PITTSTON — Despite several inches of snow Friday, the fifth annual Pittston St. Patrick’s was deemed a success — bringing a bit of Ireland to Main Street in song, dance and spirit.
Favorite parade entries included Knights of Columbus Color Guard, Little Miss and Mister Pittston Leprechaun, Wyoming Valley Pipe & Drum Band, and any float from which candy spilled onto the street to the delight of children.
Leading the parade and accepting the official Grand Marshal sash were family members of Joseph Keating, who was slated to be Grand Marshal, but passed away in January.
“Keating was a wonderful man, a mayor, a fire chief, a school board member,” said parade committee member Jim McFarland, as he made his way out of an early morning Mass at St. John the Evangelist to kick off the day. “He was well loved and we commemorated him during the service.”
Joe Long, president of the Greater Pittston Friendly Sons of St. Patrick, said, “It’s important to celebrate both our heritage and our faith.”
Ken and Lindsay Rysz, of Wilkes-Barre, watching the parade from a curbside seat, attended the parade for the first time with their niece Lily.
“We really enjoy being able to do things like this with family,” said Rysz. “I don’t know exactly how Irish I am but, on parade day, everyone is Irish.”
City Administrator Joseph Moskovitz said the parade was made possible by the efforts of the mayor, current and former city administrators, city employees and volunteers.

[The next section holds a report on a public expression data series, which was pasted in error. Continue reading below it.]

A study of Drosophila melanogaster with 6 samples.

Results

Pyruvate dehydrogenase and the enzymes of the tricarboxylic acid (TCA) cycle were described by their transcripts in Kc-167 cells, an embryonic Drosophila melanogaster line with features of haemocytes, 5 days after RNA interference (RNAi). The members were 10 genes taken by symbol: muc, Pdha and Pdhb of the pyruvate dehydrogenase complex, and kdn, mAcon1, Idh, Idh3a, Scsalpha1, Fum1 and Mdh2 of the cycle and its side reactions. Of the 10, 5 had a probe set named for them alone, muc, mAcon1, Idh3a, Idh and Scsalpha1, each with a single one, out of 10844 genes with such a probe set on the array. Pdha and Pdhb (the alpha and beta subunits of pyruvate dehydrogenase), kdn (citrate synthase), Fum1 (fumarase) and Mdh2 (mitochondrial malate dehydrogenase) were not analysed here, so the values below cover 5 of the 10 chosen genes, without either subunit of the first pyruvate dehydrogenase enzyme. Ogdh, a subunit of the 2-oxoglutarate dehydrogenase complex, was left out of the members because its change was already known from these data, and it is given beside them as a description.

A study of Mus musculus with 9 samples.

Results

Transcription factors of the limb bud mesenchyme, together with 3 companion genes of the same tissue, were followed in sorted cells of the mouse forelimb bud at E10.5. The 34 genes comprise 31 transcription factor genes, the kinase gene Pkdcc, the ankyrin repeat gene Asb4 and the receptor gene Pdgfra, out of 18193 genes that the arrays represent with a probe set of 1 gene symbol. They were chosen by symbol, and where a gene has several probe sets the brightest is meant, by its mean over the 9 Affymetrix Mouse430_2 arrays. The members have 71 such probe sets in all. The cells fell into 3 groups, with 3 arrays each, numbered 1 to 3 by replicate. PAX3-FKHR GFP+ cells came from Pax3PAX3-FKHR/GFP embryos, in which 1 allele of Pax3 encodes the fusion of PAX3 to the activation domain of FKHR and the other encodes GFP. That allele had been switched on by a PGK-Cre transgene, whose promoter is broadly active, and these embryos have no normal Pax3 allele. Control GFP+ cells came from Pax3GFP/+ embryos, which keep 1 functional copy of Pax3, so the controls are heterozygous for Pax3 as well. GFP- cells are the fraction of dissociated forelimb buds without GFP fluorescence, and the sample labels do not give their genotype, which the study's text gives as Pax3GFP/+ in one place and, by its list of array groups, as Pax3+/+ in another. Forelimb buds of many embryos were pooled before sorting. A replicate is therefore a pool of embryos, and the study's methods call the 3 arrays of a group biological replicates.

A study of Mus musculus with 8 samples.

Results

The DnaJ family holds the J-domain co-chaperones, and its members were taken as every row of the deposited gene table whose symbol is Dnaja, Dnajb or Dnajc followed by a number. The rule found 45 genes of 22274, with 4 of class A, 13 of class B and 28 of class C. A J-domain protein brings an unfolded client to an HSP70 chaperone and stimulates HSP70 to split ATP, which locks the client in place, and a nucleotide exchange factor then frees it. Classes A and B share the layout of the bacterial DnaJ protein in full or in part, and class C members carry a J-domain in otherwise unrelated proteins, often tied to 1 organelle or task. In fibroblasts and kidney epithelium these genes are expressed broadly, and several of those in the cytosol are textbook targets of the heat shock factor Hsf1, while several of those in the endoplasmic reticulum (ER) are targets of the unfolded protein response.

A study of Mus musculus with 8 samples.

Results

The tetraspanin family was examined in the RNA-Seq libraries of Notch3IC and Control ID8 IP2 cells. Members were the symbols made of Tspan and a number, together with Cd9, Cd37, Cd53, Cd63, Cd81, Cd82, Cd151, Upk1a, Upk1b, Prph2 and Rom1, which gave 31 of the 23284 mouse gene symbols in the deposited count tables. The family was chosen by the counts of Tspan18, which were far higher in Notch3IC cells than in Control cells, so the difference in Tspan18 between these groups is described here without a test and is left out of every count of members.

Regarding Friday’s snowstorm, Moskoitz said, “Well, it was the luck of the Irish. Bad luck in regard to the inches of snow and good luck in that we were able to get the city prepared for the parade through the efforts of many.”
Enjoying the parade from in front of Majestic Lunch, Barbara Meranti and her family were enjoying the parade, which has become a tradition.
Allie Meranti, 12, clad in green from head-to-toe, including a bright green tutu, enjoyed seeing many of her friends on a Saturday.
“I didn’t know if the parade was going to happen,” Barbara said. “But, it did and we’re enjoying it.”
Callahan’s Cafe opened Saturday for attendees of the parade, many lingering over a cup of coffee, a bit of heat and good conversation.
Server Kelsey Jones said, “As soon as we opened at 9:00, people were coming in.”
Mary Clare Leonard, of Pittston, and her sister-in-law Mary Leonard, had come for a bite following Mass and before the parade.
“We come to the parade every year,” she said. “We start at church, get something to eat and then on to the parade.”
Missy Mitchell-Wedsko, a parade committee member, said the parade had a terrific turnout, although she did not offer a specific number of attendees.
“I’m actually jumping up and down,” she said. “We said, ‘There will be a parade’ and there was.”
Linda Barlett, a parade committee member throughout the event’s history, said the parade continues to grow, but is heavily influenced by the weather.
“We knew when we scheduled an event so early in the year, it might be really cold or snowy,” said Moskovitz. “But Pittston has again shown its heritage, not only because of its many Irish residents, but in its commitment to others and willingness to work hard to help.”